Wednesday, September 23, 2015

Sourdough Bagels

Favorite foods are difficult to choose. After thirty years of life I think I can safely say that a toasted bagel with a generous layer of whipped cream cheese is at the top of my list. Perfection. Unfortunately there are a lot of bad bagels out there in the world, which is why making good ones at home is totally worth the time. Make the dough and form them on day one, then boil and bake them on day two. It's a perfect weekend project and they freeze well, so you can be in happy bagel land all week. Doesn't that sound like a nice place to be?

Sourdough Bagels
Yield: 1 Dozen

Take your starter out of the fridge and feed it the day before you plan to make the bagels. I used an electric mixer but you could also make the dough by hand or in a food processor. The technique for forming the bagels comes from Cook's Illustrated, but the recipe is my own. 

  • 1 cup (226 grams) sourdough starter 
  • 4-1/2 cups (630 grams) bread flour
  • 1-1/4 cups water
  • 4 teaspoons (28.1 grams) molasses
  • 1 teaspoon (2.8 grams) yeast (optional, but made my bagels slightly more puffy)
  • 2 teaspoons (11.4 grams) salt
  • 4 quarts water (day 2)
  • 1/4 cup (50 grams) sugar (day 2)
  • 1 tablespoon baking soda (day 2)


Make bagel dough

Add the starter, flour, water, molasses, yeast and salt to the bowl of an electric mixer. With the paddle attachment, mix the ingredients on low speed until all of the flour is incorporated, about 1 minute. Allow the dough to rest for 10 minutes. 

Switch to the dough hook and knead for 1-2 minutes until the dough is smooth and elastic. Turn the dough out onto a clean, unfloured counter. Use a pastry cutter to divide the dough into 12 pieces. Gently roll each piece in your hand to form a small round. Cover in plastic wrap and let rest for 15 minutes. Cover two baking sheets with a single layer of plastic wrap. 

Form bagels

When 15 minutes has passed, begin working with one ball of dough at a time. Lightly coat the ball of dough with a sprinkling of flour, then use a rolling pin to roll the dough out into a 5-6 inch round. Beginning at the end farthest away from you, roll the dough toward you, forming a tight roll. Use both hands, held flat, to gently roll the dough into a rope about 10 inches long. Do not taper the ends. Twist the rope of dough by holding your hands on the ends and rolling in opposite directions. Hold one end of the twisted dough in your hand and pull the other around to join the ends and form a ring. Press the two ends of dough together on the counter and gently roll with your hand. Place the dough ring on the plastic-covered baking sheet. Repeat with remaining balls of dough, leaving an inch between each ring on the baking sheets.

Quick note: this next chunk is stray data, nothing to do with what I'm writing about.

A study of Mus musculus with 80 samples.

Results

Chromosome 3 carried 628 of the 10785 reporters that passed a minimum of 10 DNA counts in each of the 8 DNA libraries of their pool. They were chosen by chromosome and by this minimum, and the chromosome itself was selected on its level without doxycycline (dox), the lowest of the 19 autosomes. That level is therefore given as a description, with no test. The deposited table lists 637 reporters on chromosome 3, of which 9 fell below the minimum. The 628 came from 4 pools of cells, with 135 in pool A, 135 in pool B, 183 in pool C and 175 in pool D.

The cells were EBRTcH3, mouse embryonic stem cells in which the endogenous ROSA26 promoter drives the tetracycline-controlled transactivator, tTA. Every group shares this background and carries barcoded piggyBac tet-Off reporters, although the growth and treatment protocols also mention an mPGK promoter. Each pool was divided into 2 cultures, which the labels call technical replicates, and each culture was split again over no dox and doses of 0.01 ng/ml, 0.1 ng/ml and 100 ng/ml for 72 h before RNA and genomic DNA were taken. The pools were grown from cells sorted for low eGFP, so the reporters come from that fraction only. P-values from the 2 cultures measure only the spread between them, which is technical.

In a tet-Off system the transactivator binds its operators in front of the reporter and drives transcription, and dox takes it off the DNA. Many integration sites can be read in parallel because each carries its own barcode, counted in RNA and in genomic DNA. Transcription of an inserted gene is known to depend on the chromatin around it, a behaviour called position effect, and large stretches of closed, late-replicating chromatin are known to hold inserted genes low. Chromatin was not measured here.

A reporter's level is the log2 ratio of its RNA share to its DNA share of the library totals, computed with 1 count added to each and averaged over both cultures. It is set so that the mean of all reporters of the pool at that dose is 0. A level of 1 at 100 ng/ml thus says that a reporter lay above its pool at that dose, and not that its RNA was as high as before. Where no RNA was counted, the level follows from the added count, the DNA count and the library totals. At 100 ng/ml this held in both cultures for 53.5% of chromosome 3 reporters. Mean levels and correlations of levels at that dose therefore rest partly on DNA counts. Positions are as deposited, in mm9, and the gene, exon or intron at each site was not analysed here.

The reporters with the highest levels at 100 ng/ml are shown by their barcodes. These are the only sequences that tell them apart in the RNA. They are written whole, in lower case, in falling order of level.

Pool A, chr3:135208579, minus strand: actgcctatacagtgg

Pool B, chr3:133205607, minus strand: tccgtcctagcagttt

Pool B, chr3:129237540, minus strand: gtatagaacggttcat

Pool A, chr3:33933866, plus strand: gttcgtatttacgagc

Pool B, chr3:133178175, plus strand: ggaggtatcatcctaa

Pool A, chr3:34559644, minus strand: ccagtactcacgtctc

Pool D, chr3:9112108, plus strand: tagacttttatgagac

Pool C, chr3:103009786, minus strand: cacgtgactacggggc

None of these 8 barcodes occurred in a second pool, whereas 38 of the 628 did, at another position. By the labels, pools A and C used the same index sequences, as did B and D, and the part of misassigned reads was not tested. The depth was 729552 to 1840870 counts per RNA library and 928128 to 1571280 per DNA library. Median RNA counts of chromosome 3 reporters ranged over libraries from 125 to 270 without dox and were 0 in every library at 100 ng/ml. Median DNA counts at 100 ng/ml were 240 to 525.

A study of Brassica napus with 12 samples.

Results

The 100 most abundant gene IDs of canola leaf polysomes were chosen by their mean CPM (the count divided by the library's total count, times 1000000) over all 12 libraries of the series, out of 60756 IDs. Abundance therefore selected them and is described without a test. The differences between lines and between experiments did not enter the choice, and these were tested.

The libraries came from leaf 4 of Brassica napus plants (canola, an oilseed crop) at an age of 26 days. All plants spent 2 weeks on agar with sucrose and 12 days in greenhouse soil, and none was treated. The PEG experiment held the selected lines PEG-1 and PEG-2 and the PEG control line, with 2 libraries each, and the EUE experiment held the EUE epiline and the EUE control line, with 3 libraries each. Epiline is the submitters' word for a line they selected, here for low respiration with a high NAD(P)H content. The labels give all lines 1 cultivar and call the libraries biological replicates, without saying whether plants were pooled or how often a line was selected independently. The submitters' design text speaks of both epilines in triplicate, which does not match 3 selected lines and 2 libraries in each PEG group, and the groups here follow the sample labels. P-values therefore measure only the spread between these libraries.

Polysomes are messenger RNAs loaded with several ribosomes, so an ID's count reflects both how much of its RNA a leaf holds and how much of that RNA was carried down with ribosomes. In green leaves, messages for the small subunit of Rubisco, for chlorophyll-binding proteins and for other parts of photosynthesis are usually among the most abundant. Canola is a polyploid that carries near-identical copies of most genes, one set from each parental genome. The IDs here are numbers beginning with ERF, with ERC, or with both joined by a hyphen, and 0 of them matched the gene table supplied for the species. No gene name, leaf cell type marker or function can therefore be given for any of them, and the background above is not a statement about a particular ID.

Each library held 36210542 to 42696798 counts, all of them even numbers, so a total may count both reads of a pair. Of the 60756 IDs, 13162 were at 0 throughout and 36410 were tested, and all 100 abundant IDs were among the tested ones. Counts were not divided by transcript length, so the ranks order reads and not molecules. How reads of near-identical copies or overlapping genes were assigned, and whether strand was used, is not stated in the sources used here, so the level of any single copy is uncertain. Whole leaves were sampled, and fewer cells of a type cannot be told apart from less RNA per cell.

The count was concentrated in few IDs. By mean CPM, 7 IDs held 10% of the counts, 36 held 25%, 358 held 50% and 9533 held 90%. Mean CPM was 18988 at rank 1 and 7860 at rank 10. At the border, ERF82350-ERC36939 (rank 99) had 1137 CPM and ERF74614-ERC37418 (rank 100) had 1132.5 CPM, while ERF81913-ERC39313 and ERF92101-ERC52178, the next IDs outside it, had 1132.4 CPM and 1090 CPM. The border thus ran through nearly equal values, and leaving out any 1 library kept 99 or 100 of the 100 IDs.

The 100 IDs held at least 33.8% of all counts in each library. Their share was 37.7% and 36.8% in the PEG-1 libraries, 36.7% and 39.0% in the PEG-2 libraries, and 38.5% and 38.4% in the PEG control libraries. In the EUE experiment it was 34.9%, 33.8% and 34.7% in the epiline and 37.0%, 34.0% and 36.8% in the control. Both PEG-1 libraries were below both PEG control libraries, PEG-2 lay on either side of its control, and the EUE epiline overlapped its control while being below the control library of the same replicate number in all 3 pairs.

Cover both baking sheets loosely with a sheet of plastic wrap. Allow them to rest at room temperature for 1 hour. Then, tightly cover each sheet with plastic wrap and place them in the fridge for 16-24 hours. 


One hour before baking, place a baking stone on the middle shelf of the oven and preheat to 450 degrees. 

Boil the bagels

Bring the water, sugar, and baking soda to a boil in a dutch oven. Remove the bagels from the fridge and gently slide them off of the baking sheets, including the top and bottom layers of plastic wrap. Using a pair of scissors, cut through the plastic wrap to separate each bagel (this makes it easier to move the individual bagels and remove the layers).Place a rack into each of the baking sheets and top each with a piece of parchment paper.  

Gently remove the plastic wrap from one of the bagels and transfer to the boiling water. Boil for 20 seconds, flip over, and boil for an additional 20 seconds. Gently remove the bagel from the boiling water and place it upside-down on the parchment-lined racks. Repeat this process until all of the bagels have been boiled. 

Bake the bagels

Pour 1/2 cup of boiling water into the rimmed baking sheet and place it in the oven. Bake for 10-12 minutes. Removed the bagels from the oven and carefully flip them, removing the parchment paper as you do. Return to the oven and bake for 10-12 minutes more. 

When the bagels have browned to your liking, take them out of the oven and allow them to dry on racks until cool. These are best eaten the day they are made but hold up well in the freezer. 

Monday, September 21, 2015

Glacier and Waterton Lakes

A few days before we drove to Glacier National Park, the Reynolds Creek Fire broke out and closed the Going to the Sun Road so that driving all the way through the park was impossible. Waterton Lakes in Canada was fire-free (and wet, as you can see in the photos) so we changed up our route. 

Instead of our original plan to camp, we splurged and stayed at the Prince of Wales Hotel. We had high tea overlooking the lake and then toured the park in the car as it was raining. 

We were able to drive down into Glacier the next day. The photo below was taken along the drive. There were many times when we had to drive very slowly around cows lying in the road. 

Once inside the park, we hiked to Iceberg Lake from Many Glacier, which was not impacted by the fire. The lake was beautiful and I am so glad we chose this hike. There were clouds seeping over the tops of the mountains but we managed to enjoy a dry and partly sunny day. 

On this trip we saw bighorn sheep, mountain goats, bison, deer, and cows (!) but no bears. I am looking forward to exploring more of this place someday.